In areas with early frosts, it’s a challenge to grow fruits and vegetables that require a long growing season. Cold frames can make all the difference. These miniature greenhouses warm the soil and protect plants from frost. Basic cold frames have wood sides and a glass top that traps the sun’s heat during the day. These moveable heat catchers sit directly on your garden beds and can be placed wherever your plants need a little extra warmth.
Where the winters are long, cold frames can help you get a jump on seed starting in the spring. As soon as you can work the soil, place the cold frame on the bed to trap heat and help your seeds germinate. The frames will also protect delicate seedlings from late frosts and hungry rabbits until they’re ready to transplant. In the fall, cold frames extend your harvest of hardy greens and root vegetables by keeping a killing frost or hard freeze at bay.
Traditional cold frames have wooden sides and a glass top that can be raised to access plants and propped open to let out excess heat. The most popular design is a "lean-to" shape, which evolved from cold frames originally built to lean against the side of an existing greenhouse. The back of the lean-to frame is taller than the front, creating a slope for the glass lid. Portable cold frames are built with lighter-weight materials like plexiglass and aluminum.
To best hold in the heat of the day, cold frames should be placed in garden beds with full sun during the early spring and late fall. Ideally, the slope of the lid should be angled toward the south to take full advantage of the sun’s rays, but you can also get good results facing a cold frame to the west or east.
If you’re handy, all you need to build a cold frame is some lumber, galvanized screws, and some old windows. Build the wood frame with a back that’s twice as high as the front, and cut a slope on the side pieces to connect them. Once that’s screwed together, you can use an old window for the lid. You can also build a frame to hold a piece of plexiglass if you don’t have an old window available. If you don’t have tools, you can “build” a frame of straw bales and place windows on top.
As soon as you can work the soil in early spring, rake in compost and a balanced fertilizer, making sure to loosen the soil at least a foot down. If the ground is frozen or muddy, you can place the cold frame on the soil to help warm and dry it, but don’t plant anything until you can turn the soil easily.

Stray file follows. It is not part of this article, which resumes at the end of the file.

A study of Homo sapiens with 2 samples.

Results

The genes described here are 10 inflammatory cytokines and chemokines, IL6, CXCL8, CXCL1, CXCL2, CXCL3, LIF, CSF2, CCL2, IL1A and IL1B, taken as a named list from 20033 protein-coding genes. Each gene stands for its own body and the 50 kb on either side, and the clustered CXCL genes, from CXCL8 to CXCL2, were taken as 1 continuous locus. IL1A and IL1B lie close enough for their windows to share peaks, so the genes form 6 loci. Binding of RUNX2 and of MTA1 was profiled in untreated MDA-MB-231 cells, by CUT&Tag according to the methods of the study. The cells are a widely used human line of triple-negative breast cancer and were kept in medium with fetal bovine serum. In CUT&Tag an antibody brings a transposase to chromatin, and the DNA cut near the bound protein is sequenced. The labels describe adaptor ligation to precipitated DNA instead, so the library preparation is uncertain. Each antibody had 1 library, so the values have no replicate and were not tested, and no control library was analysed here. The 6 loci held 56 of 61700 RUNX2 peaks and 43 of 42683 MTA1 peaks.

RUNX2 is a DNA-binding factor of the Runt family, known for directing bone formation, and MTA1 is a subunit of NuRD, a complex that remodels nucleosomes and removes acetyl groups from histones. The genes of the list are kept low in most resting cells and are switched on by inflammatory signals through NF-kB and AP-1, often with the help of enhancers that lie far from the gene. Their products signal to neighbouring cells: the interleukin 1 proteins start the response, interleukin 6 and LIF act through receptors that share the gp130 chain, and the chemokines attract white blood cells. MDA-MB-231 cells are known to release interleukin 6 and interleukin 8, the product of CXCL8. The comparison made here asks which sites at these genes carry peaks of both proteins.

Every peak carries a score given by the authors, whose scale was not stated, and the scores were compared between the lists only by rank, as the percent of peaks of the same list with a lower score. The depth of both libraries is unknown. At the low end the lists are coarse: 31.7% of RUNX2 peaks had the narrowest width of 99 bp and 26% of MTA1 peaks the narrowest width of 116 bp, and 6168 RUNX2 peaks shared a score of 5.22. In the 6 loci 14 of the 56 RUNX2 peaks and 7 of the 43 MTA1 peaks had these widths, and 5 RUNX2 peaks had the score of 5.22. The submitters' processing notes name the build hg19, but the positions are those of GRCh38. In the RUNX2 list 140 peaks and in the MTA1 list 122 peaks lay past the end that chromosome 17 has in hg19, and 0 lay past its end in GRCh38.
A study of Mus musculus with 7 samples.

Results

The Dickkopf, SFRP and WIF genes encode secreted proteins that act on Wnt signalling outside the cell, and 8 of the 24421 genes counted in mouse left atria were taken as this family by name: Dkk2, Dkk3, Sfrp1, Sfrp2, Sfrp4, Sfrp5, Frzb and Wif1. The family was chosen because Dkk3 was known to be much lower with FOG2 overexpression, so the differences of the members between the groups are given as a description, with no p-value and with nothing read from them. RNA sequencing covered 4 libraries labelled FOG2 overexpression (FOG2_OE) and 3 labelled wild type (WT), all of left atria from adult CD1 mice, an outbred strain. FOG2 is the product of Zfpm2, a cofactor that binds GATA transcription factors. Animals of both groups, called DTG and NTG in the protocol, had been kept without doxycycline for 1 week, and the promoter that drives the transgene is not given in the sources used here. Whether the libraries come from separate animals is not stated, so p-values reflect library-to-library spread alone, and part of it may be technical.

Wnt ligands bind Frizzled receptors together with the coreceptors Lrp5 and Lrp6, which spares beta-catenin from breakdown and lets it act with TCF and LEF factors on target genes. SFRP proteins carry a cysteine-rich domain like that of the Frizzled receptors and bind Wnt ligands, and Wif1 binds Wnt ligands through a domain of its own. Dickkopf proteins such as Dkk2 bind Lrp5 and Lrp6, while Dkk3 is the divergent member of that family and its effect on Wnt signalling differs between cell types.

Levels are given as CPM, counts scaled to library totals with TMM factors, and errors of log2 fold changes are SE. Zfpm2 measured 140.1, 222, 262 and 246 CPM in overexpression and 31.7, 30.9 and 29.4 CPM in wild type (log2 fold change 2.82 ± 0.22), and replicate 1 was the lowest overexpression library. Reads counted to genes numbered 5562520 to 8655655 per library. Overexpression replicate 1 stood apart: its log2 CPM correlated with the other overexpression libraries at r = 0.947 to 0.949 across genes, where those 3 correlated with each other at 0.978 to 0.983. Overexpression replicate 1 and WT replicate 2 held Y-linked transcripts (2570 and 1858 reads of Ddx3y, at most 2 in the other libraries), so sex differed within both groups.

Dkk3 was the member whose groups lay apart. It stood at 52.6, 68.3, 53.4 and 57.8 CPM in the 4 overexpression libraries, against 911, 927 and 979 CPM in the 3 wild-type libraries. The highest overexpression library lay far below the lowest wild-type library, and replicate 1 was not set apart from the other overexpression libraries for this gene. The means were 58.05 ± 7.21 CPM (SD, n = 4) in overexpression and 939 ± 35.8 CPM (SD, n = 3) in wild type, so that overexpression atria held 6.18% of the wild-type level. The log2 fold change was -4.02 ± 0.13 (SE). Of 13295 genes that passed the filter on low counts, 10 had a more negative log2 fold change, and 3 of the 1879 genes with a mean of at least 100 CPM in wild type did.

Before sowing seeds in your cold frame, moisten the soil well and allow it to drain for several hours. The goal is to plant in moist, not wet, soil. Place seeds according to the packet directions for depth and spacing. Gently pat the seeds into place and lightly water again. Keep the cold frame cover on tightly until germination, when you can vent as needed on warmer days. Check the soil daily for dampness and water when necessary—you don’t want it to dry out.
Plants grown in a cold frame are used to warm conditions, so they need to acclimate to the outdoors as the temperature warms. A couple weeks before your last frost date, begin taking the lid off the frame for a few hours each day, gradually increasing the plants’ exposure to the elements. Once nighttime temperatures are above freezing and plants are acclimated, you can remove the cold frame entirely.
For a crop of fall veggies, plant seeds or transplants in your cold frame near the end of the summer, but keep the lid off. As nighttime temperatures drop, place the glass lid on the frame a few hours before sunset. Eventually, you’ll keep the lid on all day, venting only as needed. This will help plants survive many weeks beyond the first frost date in the fall and even into early winter for an extended harvest.
When using cold frames, it’s important to keep an eye on daily temperature fluctuations to keep your plants under optimal conditions. When temperatures rise above 60 degrees, you’ll need to remove the lid to keep them from burning in the sun—the glass acts like a magnifier. When temperatures fall below 40, close the lid again, ideally before the sun sets to trap the last heat of the day. In between 40 and 60, prop open the lid to split the difference.
You can start any kind of seeds you like in a cold frame before transplanting to elsewhere in your garden. For plants you wish to keep warm in the fall, leafy greens and root vegetables work best. Consider cold-hardy varieties of lettuce, arugula, spinach, and kale. Carrots, turnips, parsnips, and bok choy are also excellent choices for a cold frame garden. Just be sure to check plant height so they don’t hit the lid.